Ngāti Toa (Ngāti Toarangatira), an iwi (New Zealand Māori tribe), traces its descent from the eponymous ancestor Toarangatira. The Ngāti Toa region extends from Miria-te-kakara at Rangitikei to Wellington, and across Cook Strait to Wairau and Nelson. However the tribe mainly lives around Porirua and Nelson. An aphorism links tribal identity with ancestors and landmarks:
Ko Whitireia te maunga
Ko Raukawa te moana
Ko Tainui te waka
Ko Ngāti Toarangatira te iwi
Ko Te Rauparaha te tangata
Parekowhatu of Ngāti Raukawa, the wife of Werawera of Ngāti Toa, gave birth to Te Rauparaha in about the 1760s. According to tribal tradition the birth took place at Pātangata near Kāwhia. Te Rauparaha became the foremost chief of Ngāti Toa, credited with leading Ngāti Toa forces against the Waikato and Ngāti Maniapoto iwi; and with piloting the migration to, and the conquest and settlement of, the Cook Strait region in the 1820s.
Te Rauparaha signed the Treaty of Waitangi twice in May and June, 1840: first at Kapiti Island and then again at Wairau. Te Rauparaha resisted European settlement in those areas which he claimed he had not sold. Disputes occurred over Porirua and the Hutt Valley. But the major clash came in 1843 when Te Rauparaha and his kinsman Te Rangihaeata tried to prevent the survey of their lands in the Wairau plains. Fighting broke out, resulting in the death of Te Rongo, the wife of Te Rangihaeata. Te Rangihaeata then killed the survey-party to avenge his wife's death. This became known as the Wairau Affray.
Following fighting in the Hutt Valley in 1846, Governor George Grey arrested Te Rauparaha aboard the naval vessel Driver. Two hours before dawn the ship returned and British troops took Te Rauparaha on board. The Pakeha authorities held him without charge for 10 months and then kept him under house arrest in Auckland. Te Rauparaha's last notable achievement came with the construction of Rangiātea Church (1846) in Ōtaki. He did not adopt Christianity, although he attended church services.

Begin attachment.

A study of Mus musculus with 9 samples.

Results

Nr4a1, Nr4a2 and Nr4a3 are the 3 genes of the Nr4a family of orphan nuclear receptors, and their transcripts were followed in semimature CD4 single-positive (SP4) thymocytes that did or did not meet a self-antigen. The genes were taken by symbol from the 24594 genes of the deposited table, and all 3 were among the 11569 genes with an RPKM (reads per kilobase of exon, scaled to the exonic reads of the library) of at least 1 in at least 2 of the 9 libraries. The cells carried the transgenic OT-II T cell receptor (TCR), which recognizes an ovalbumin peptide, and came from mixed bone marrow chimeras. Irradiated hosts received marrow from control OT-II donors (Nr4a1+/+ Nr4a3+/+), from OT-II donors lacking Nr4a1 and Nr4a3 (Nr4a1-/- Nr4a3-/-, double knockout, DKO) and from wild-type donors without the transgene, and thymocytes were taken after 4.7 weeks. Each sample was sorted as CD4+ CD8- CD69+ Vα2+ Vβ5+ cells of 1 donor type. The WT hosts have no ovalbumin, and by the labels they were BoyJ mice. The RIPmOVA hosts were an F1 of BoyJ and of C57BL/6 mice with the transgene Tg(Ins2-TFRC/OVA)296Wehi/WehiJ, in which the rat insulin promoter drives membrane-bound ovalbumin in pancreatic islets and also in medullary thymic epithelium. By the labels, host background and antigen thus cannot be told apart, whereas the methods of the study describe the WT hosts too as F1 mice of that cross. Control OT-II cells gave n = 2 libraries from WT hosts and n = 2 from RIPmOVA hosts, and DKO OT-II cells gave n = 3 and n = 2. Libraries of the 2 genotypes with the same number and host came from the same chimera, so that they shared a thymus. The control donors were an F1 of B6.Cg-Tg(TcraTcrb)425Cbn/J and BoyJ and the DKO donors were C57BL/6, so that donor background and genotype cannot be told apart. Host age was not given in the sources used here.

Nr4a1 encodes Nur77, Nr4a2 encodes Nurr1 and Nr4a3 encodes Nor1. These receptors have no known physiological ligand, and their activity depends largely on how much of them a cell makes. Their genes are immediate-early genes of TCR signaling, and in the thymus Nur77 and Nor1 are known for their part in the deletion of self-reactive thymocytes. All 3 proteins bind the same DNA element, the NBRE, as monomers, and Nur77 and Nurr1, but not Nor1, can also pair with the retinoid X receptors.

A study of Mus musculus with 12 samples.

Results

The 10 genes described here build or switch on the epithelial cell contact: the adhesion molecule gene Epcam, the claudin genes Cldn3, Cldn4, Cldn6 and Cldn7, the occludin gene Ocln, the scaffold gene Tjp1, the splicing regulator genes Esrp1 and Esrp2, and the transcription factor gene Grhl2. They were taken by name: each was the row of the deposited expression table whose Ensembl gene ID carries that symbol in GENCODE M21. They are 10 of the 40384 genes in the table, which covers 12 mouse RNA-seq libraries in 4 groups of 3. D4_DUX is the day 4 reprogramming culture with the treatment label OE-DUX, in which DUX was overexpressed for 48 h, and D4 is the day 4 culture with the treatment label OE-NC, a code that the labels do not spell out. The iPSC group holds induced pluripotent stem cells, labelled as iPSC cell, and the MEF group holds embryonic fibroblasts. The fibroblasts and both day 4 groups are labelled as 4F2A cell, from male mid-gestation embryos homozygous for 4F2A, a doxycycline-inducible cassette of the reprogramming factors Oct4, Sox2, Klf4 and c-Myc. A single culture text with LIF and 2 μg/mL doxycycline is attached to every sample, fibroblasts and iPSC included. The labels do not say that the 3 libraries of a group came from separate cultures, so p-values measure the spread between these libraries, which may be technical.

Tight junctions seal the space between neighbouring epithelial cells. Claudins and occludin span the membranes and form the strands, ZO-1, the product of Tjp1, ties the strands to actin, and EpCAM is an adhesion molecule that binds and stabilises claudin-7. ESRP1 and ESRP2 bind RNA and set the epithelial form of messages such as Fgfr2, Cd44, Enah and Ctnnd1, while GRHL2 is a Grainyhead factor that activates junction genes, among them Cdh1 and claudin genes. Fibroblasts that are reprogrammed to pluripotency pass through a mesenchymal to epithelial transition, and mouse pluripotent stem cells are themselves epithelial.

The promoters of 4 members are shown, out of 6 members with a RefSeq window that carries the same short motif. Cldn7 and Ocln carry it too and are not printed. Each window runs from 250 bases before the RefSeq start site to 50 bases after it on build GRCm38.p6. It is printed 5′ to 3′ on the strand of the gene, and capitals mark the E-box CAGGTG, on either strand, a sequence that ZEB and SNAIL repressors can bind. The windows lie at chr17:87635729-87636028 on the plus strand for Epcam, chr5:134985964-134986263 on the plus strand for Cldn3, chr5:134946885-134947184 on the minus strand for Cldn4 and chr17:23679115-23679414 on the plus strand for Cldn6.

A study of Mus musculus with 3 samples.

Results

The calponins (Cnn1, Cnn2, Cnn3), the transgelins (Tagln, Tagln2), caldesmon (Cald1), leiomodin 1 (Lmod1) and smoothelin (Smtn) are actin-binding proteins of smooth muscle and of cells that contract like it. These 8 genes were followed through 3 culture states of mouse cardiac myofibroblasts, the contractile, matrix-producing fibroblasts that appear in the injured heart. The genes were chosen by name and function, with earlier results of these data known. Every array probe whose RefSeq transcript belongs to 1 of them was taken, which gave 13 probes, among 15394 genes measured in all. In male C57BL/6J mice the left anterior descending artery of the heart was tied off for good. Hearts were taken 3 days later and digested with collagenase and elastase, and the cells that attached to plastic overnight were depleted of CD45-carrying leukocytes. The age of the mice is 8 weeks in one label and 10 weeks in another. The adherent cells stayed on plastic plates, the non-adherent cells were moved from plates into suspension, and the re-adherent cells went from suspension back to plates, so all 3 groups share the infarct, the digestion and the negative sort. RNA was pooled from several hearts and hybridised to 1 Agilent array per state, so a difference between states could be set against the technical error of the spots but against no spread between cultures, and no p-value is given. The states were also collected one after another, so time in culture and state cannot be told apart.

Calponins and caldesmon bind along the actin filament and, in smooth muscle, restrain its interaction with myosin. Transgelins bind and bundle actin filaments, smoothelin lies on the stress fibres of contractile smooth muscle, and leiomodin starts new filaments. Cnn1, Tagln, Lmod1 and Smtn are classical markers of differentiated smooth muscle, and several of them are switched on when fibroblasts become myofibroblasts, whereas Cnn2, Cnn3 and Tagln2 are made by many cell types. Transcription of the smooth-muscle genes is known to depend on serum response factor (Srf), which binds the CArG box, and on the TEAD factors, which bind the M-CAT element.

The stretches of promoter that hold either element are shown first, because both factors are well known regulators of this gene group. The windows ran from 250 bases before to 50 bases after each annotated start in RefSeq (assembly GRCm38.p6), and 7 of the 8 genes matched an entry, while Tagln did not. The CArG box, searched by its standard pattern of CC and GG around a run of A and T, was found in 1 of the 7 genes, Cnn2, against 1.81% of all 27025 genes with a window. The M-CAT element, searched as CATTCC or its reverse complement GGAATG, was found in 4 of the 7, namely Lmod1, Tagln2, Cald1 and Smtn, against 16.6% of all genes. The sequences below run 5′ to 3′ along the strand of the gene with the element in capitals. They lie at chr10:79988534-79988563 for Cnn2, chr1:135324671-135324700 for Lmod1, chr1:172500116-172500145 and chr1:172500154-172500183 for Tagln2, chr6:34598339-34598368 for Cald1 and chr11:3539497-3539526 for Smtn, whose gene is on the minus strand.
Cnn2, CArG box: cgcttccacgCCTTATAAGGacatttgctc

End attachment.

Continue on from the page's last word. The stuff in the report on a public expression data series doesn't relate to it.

Ngāti Toa lived around the Kāwhia region for many generations until increasing conflicts with neighbouring Waikato-Maniapoto iwi forced a withdrawal from their homeland. From the late eighteenth century Ngāti Toa and related tribes constantly warred with the Waikato-Maniapoto tribes for control of the rich fertile land north of Kāwhia. The wars intensified with every killing of a major chief and with each insult and slight suffered. Ngāti Toa migrated from Kāwhia to the Cook Strait region under the leadership of their chief Te Rauparaha in the 1820s.
Together, the two migrations Heke Tahutahuahi and Heke Tātaramoa have the name Heke mai raro, meaning "migration from the north". The carved meeting-house bearing the name Te Heke Mai Raro, which stands on Hongoeka Marae, immortalises the migration.
Heke Tahutahuahi (translatable as the "migration of the refugee fires") brought the Ngāti Toa iwi out of Kāwhia and into Taranaki in 1820. The Taranaki iwi Ngāti Mutunga presented Ngāti Toa with Pukewhakamaru Pā, as well as with the cultivations nearby. Pukewhakamaru lay inland of Ōkokī, up the Urenui River. Ngāti Toa stayed at Pukewhakamaru for 12 months. The Waikato-Maniapoto alliance followed Ngāti Toa to Taranaki and battles ensued there, most notably the battle of Motunui between Waikato-Maniapoto and the Ngāti Tama, Te Āti Awa and Ngāti Mutunga alliance.
The name Heke Tātaramoa (translatable as the "bramble bush migration") commemorates the difficulties experienced during Ngāti Toa's second migration. Ngāti Toa left Ōkokī around February-March of 1822 after harvesting crops planted for the journey. This heke also included some people from Ngāti Tama, Ngāti Mutunga and Te Āti Awa. The heke arrived in the Horowhenua-Kapiti region in the early 1820s and settled first in Te Awamate, then at Te Wharangi, and then eventually on Kapiti Island.